Football tournament furthers legacy of young cancer blogger

Jack Morgan died three months ago, aged 22. Now his father Grant has spoken movingly about the impact of Jack's blog on the eve of a five-a-side fundraiser


Twelve weeks ago, Grant Morgan delivered a moving eulogy at the funeral of his son Jack.

Jack had blogged about his battle with cancer to raise awareness of the condition but died, aged 22, after the cancer returned.

Now Mr Morgan is involved in a five-a-side football tournament being held at Mill Hill Power League this weekend in Jack’s name. The tournament has been organised by Jack’s best friend Teddie Levenfiche and 20 teams have been recruited. It will raise money for the North London Hospice, which helped Jack to manage his pain in his final days.

Mr Morgan, who struggles to talk about the “d word” in the context of his son, said the tournament was a way of furthering his legacy.

“I believe to live on in the hearts of others is not to die,” Mr Morgan told the JC.

Having shared a large part of his experience online, Jack realised there was a community of people with cancer who wanted to do likewise. To this end, he set up an app dedicated to cancer patients, Cnected. Mr Morgan, who lives in Barnet, says the “ultimate legacy will be to complete the technology that Jack started because he wanted to connect people all over the world who were going through similar things to him.”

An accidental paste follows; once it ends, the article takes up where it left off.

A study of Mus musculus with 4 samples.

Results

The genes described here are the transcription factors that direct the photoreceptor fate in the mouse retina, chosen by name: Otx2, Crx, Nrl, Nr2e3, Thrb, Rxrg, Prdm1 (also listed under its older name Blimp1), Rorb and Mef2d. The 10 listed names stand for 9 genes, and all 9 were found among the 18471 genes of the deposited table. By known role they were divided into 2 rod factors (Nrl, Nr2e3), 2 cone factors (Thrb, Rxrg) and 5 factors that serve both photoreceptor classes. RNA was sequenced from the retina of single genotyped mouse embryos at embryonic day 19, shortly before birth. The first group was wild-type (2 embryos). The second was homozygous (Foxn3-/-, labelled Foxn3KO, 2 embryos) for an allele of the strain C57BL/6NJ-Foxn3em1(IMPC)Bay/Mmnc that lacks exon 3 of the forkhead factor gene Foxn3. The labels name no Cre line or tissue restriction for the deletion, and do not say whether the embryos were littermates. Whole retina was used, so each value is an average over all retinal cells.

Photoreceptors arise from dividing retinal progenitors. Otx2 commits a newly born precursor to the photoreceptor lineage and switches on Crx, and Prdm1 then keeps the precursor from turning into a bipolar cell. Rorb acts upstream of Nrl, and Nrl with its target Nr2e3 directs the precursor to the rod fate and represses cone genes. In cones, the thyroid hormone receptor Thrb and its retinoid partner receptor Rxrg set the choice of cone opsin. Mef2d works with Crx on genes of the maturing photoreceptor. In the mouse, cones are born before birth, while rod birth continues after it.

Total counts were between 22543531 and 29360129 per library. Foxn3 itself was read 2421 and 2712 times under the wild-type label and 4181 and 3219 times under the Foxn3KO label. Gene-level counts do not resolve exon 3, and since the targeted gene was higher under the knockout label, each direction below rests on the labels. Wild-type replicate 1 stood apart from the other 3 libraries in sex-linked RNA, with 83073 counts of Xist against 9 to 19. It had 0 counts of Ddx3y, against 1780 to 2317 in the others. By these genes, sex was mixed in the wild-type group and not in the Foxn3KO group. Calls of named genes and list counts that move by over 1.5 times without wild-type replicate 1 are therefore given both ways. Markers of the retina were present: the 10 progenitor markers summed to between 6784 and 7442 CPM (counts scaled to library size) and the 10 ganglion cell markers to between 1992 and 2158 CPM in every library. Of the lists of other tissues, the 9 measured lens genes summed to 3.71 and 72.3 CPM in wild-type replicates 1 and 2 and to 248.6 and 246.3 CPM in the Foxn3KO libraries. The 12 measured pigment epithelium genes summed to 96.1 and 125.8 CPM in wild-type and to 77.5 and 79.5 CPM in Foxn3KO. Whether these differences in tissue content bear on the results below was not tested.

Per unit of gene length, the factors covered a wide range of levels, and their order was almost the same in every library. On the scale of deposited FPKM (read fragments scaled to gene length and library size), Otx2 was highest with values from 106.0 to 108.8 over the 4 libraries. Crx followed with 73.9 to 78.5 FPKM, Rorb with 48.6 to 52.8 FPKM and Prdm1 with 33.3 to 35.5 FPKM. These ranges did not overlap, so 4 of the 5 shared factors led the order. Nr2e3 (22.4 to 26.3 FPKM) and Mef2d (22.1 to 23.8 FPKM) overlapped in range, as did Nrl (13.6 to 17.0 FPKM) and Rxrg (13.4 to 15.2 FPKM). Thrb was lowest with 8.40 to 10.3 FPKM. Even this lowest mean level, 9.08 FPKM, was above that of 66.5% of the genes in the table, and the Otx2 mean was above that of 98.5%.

His son — an engineering mathematics graduate from Bristol University — had more than 25,000 followers on Instagram and supporters including Manchester United star Paul Pogba.

He had wanted “to document his journey to enlighten, inform and educate friends and family about his ridiculously rare condition [undifferentiated carcinoma of the eye].

“What started as a cathartic local communication piece developed into a platform that ultimately inspired tens of thousands of followers through radio, TV, social and regular media.”

The footballing fundraiser is one of many family and friends are hoping to organise to back organisations that helped Jack.

Mr Morgan said the family was still “struggling in our own way. We are a very private family and when you have this high profile son who everyone knew and was supporting, that is hard.”

But it was a source of comfort that Jack had “inspired so many people online. I can’t tell you how many people have contacted me to say the difference he made.

“One lady from Michigan whose son was sick the same time as Jack got in touch to say her son had passed away on the same day. Jack’s account had helped her to understand what her son was going though and deal with everything that was happening. I can’t put into words what that feels like.”

He always knew “how brilliant” his son was and he was glad that thanks to the blog and the activities in Jack’s memory, “the whole world knows it too”.